Dec. 13, 2007 Ice cores drilled last year from the summit of a Himalayan ice field lack the distinctive radioactive signals that mark virtually every other ice core retrieved worldwide.
That missing radioactivity, originating as fallout from atmospheric nuclear tests during the 1950s and 1960s, routinely provides researchers with a benchmark against which they can gauge how much new ice has accumulated on a glacier or ice field.
In 2006, a joint U.S.-Chinese team drilled four cores from the summit of Naimona'nyi, a large glacier 6,050 meters (19,849 feet) high on the Tibetan Plateau.
The researchers routinely analyze ice cores for a host of indicators – particulates, dust, oxygen isotopes, etc. -- that can paint a picture of past climate in that region.
Scientists believe that the missing signal means that this Tibetan ice field has been shrinking at least since the A-bomb test half a century ago. If true, this could foreshadow a future when the stockpiles of freshwater will dwindle and vanish, seriously affecting the lives of more than 500 million people on the Indian subcontinent.
“There's about 12,000 cubic kilometers (2,879 cubic miles) of fresh water stored in the glaciers throughout the Himalayas – more freshwater than in Lake Superior,” explained Lonnie Thompson, distinguished university professor of earth sciences at Ohio State University and a researcher with the Byrd Polar Research Center on campus.
“Those glaciers release meltwater each year and feed the rivers that support nearly a half-billion people in that region. The loss of these ice fields might eventually create critical water shortages for people who depend on glacier-fed streams.”
Thompson and his colleagues worry that this massive loss of meltwater would drastically impact major Indian rivers like the Ganges, Indus and Brahmaputra that provide water for one-sixth of the world's population.
Thompson outlined his findings in an address at the annual meeting of the American Geophysical Union in San Francisco this week.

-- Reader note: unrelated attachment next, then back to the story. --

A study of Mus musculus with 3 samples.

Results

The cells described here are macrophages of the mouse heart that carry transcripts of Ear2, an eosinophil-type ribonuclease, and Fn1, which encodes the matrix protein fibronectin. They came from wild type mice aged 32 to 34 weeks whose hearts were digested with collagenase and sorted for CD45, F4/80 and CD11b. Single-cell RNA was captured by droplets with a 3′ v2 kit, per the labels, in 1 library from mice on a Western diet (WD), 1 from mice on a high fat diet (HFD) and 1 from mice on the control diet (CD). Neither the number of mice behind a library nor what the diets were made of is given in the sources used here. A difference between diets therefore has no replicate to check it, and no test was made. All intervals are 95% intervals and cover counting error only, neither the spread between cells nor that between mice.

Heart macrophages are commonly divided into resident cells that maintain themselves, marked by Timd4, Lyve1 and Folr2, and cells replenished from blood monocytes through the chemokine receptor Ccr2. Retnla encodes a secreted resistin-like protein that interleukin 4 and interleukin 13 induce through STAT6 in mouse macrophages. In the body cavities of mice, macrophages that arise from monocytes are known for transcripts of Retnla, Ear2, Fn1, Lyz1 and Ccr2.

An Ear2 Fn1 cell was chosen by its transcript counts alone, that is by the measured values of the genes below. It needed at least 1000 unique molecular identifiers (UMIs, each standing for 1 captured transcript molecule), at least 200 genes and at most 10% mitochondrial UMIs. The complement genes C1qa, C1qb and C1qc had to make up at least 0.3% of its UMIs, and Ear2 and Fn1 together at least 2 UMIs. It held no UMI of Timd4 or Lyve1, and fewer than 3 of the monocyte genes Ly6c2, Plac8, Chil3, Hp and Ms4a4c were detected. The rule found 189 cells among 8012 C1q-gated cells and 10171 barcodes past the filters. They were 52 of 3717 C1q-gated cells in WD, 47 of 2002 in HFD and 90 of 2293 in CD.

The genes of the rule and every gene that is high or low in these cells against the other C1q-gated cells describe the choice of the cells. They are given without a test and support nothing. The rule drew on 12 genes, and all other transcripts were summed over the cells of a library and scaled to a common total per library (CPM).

The Beta radioactivity signals – from strontium90, cesium136, tritium (hydrogen3) and chlorine36 – are the remnants of radioactive fallout from the 1950s-60s atomic tests. They are “present in ice cores retrieved from both polar regions and from tropical glaciers around the globe and they suggest that those ice fields have retained snow (mass) that fell during the last 50 years,” he said.
“In ice cores drilled in 2000 from Kilimanjaro's northern ice field (5890 meters high), the radioactive fallout from the 1950s atomic test was found only 1.8 meters below the surface.
“By 2006 the surface of that ice field had lost more than 2.5 meters of solid ice (and hence recorded time) – including ice containing that signal. Had we drilled those cores in 2006 rather than 2000, the radioactive horizon would be absent – like it is now on Naimona'nyi in the Himalayas,” he said.
In 2002 Thompson predicted that the ice fields capping Kilimanjaro would disappear between 2015 and 2020.
“If what is happening on Naimona'nyi is characteristic of the other Himalayan glaciers, glacial meltwater will eventually dwindle with substantial consequences for a tremendous number of people,” he said.
Scientists estimate that there are some 15,000 glaciers nested within the Himalayan mountain chain forming the main repository for fresh water in that part of the world. The total area of glaciers in the Tibetan Plateau is expected to shrink by 80 percent by the year 2030.
The work is supported in part by the National Science Foundation.
Working on the project along with Thompson were Yao Tandong, Institute for Tibetan Plateau Research, Chinese Academy of Sciences; Ellen Mosley-Thompson, professor of geography at Ohio State and research scientist at the Byrd Center; Mary E. Davis, a research associate with the Byrd Center; doctoral student Natalie M. Kehrwald; Jürg Beer, Swiss Federal Institute of Aquatic Science and Technology; Ulrich Schotterer, University of Bern; and Vasily Alfimov, Paul Scherrer Institute and ETH in Zurich.